Child Support

Child support is the money one parent pays the other for the financial support of their child or children. Children have the legal right to receive financial support from both parents. When parents separate, one of the first things they should think about is child support. The resources listed below will help separating parents to make financial decisions in the best interests of their children.

FamiliesChange.ca: Child Support: This section of the Parent Guide to Separation and Divorce provides a great introduction to the topic of Child Support. Text and an instructional video introduce parents to their responsibilities and provide answers to common questions:

Court Tips for Parents: This online resource provides a series of seven videos that help parents prepare to go to court to change a child support order in Supreme Court. The videos feature a BC judge providing information and answering parent’s questions. Topics include: Presenting Your Case in Chambers, Putting Your Best Case Forward and What to Expect the Day of the Hearing.

Federal Child Support Guidelines: The Canadian government has established child support guidelines to determine a baseline of support that should be provided to children. In BC, the guidelines apply to children under the age of 19 and children older than 19, if they are dependent on their parents due to illness, disability, or other causes. An Online Lookup provides quick calculation based on ‘sole custody’, the province, gross income of the paying parent, and the number of children.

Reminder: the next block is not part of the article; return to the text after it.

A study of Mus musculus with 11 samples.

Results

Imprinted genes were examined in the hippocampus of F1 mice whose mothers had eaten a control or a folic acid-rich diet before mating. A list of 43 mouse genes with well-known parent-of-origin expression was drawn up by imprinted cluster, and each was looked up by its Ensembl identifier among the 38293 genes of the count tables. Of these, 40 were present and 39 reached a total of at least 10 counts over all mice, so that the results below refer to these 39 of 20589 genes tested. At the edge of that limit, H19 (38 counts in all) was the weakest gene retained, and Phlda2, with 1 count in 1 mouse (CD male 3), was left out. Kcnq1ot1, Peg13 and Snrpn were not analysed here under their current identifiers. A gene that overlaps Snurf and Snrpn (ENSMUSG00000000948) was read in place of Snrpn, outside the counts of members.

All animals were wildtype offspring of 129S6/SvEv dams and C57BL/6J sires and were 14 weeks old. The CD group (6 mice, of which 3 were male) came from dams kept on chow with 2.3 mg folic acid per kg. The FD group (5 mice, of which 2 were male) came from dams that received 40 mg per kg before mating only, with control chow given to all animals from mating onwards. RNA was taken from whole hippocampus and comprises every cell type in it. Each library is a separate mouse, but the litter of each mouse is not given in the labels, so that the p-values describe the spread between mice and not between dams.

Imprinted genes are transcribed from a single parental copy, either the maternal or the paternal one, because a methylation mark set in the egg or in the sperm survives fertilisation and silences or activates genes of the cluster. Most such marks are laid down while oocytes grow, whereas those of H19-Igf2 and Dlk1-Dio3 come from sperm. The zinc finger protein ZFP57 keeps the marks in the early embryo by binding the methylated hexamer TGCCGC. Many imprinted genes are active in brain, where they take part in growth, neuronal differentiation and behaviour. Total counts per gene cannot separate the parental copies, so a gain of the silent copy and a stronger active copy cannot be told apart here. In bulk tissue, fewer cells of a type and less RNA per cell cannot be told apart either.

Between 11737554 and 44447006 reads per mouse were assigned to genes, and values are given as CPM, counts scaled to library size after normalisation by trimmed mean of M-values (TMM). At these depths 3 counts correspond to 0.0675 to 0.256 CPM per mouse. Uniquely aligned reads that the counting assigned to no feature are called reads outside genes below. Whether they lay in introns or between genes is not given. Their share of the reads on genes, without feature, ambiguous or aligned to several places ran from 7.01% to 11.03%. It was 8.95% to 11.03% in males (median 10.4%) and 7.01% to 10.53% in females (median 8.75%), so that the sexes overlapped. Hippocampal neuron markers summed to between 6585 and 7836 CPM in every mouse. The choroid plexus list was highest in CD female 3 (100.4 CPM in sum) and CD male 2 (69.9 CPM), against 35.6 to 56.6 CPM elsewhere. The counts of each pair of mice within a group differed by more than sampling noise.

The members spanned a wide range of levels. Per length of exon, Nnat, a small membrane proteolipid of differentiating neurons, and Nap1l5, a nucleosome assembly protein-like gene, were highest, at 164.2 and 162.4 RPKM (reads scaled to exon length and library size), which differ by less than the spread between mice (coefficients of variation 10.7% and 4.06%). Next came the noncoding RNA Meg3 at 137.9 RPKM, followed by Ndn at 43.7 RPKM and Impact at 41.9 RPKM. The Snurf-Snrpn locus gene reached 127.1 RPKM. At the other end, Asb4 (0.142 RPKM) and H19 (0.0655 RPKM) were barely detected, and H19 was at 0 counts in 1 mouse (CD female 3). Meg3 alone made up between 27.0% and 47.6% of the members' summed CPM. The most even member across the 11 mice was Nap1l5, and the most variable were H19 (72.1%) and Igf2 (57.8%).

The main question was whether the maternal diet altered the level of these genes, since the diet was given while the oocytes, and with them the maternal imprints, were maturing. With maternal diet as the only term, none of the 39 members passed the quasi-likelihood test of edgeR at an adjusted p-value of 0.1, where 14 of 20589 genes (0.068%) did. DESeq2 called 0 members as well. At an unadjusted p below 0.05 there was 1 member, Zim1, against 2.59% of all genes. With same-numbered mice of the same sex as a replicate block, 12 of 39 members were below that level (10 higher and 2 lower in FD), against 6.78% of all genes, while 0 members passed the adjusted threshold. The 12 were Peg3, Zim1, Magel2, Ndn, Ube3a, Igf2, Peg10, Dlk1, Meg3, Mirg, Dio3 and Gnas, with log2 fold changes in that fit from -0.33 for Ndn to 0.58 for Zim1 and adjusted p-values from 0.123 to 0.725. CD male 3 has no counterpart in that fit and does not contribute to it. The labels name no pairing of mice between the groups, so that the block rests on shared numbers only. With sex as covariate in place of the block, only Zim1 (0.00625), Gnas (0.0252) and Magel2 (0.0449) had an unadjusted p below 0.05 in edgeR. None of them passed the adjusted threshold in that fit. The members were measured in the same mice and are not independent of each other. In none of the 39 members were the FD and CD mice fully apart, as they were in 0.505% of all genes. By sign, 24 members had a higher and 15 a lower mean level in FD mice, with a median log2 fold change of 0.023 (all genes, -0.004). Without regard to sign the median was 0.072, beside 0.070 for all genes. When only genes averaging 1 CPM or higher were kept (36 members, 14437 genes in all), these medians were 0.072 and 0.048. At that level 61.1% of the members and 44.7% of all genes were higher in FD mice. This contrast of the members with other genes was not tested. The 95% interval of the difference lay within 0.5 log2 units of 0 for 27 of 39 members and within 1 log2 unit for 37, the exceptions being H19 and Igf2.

Family Maintenance Enforcement Program: Canadian courts have long recognized that the financial responsibilities of parents to their children (and of one spouse to another) do not end with separation or divorce. Couples agree on child support and spousal support or the courts create support orders. In either case, the Family Maintenance Enforcement Program can help.

Interjurisdictional Support Orders: British Columbia has agreements with over 90 different places to honour and recognize each other’s family support laws and orders. When a family splits up, and one of the partners is in a different province, territory, or country, interjurisdictional support orders provide a way for financial decisions to be made, without the need to have both parents go to court in the same place.